Look after your mental health: support is available

Dyfed Powys Police Federation wellbeing lead Dai Gaskins says it’s more important than ever for members to look after their mental health.

Now Dai is encouraging members who are suffering with their mental health and wellbeing to “take that step” and seek support.

His comments follow The Royal Foundation’s Emergency Services Mental Health Symposium which saw 200 leaders from across police, fire, ambulance, and search and rescue from the four nations come together for the first time to address the mental health of their workforces.

National Police Chiefs’ Council (NPCC) chair Martin Hewitt signed the Mental Health at Work Commitment endorsing six standards, including declaring mental health is, and will remain, a strategic priority.

Dai welcomed the pledge and hopes it will lead to more officers reaching out for help and support.

“It’s more important than ever that we look after our mental as well as our physical health,” he said.

“Policing is a unique job and officers can experience really difficult situations. It’s been even more challenging over the last two years because of the pandemic, which will have thrown up other issues away from work as well.

“This pledge by police chiefs alongside a new package of support measures is a welcome step in supporting our members and breaking down those barriers that prevent them reaching out.

“So my message is if you are struggling with your mental health then take that step. The help and support you need is there for you.”

The symposium saw the launch of a Blue Light Together package of mental health support for the emergency services, developed by The Royal Foundation and other partner organisations.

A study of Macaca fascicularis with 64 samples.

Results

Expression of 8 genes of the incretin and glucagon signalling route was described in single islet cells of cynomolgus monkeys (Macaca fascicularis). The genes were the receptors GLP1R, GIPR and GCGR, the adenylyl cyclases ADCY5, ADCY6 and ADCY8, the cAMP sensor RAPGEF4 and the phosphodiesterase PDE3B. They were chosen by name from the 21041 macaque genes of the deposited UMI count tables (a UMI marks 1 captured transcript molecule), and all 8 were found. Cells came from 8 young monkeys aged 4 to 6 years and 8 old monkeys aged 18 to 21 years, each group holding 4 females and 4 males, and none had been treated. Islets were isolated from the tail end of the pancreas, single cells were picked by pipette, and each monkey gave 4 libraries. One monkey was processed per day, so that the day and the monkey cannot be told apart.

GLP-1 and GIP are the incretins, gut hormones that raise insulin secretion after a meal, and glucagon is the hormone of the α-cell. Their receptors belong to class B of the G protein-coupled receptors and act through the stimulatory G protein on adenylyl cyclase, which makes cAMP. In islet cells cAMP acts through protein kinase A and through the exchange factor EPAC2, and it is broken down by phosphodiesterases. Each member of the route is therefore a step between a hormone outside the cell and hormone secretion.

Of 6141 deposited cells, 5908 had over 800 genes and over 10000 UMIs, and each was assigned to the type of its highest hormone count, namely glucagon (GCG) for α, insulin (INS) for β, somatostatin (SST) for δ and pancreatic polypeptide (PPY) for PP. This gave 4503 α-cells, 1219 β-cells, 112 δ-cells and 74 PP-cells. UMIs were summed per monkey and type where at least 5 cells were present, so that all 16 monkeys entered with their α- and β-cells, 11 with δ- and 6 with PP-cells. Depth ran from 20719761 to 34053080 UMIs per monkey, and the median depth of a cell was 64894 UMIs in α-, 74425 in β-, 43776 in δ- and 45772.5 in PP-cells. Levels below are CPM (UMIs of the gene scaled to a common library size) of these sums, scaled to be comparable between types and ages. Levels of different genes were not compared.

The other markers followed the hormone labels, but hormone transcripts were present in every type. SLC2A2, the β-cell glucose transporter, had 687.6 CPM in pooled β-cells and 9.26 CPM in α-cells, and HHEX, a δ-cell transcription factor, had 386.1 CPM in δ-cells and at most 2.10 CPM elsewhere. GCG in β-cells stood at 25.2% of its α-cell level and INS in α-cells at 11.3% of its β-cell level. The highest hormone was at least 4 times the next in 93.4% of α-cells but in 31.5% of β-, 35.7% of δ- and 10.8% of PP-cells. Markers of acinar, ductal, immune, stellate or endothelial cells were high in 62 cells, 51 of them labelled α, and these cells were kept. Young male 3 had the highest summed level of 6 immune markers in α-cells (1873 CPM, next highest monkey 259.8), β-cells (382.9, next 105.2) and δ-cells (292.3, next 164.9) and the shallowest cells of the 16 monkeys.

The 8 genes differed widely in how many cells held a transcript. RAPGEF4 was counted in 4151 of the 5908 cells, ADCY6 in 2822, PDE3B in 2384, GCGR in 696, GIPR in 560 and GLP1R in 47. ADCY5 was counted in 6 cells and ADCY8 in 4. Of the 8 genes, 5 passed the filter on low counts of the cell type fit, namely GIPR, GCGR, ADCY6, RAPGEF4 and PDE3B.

Through a new Blue Light Together website from mental health charity Mind, information and advice to help emergency responders with their mental health has been shared, including real life stories and tips from colleagues working in the field and guides for employers so they can support their teams with their wellbeing.

Working in partnership with the British Association for Counselling and Psychotherapy (BACP), The Royal Foundation is also funding the creation of a directory of therapists who have experience of specialising in addressing the complex mental health needs of emergency responders.

The event included a live panel session involving senior emergency services leaders who spoke about their personal experiences with mental health struggles, alongside speeches by Metropolitan Police Commissioner Dame Cressida Dick, Health Secretary Sajid Javid, Mind CEO Paul Farmer and The Duke of Cambridge.

National Federation chair John Apter, who attended the event, said: “Policing and other emergency services have talked a lot about how they are supporting the mental health of their workforce for a number of years, and there have been some improvements.

“The pledge that has been agreed to by the NPCC is a massive step forward, but chiefs have got to make sure it delivers something tangible as too many colleagues are being failed on daily basis; I have spoken to officers who are truly broken, and on many occasions this was completely avoidable.

“Rather than continuing to stick plasters over gaping wounds, it is key the service focuses on prevention.

“In policing, we cannot get away from attending traumatic incidents, but we can do more to ensure there is better support for them and their families, and better training in place for supervisors and managers so they can recognise and address the issues.

”Find information, ideas and support to help look after your mental health at Blue Light Together.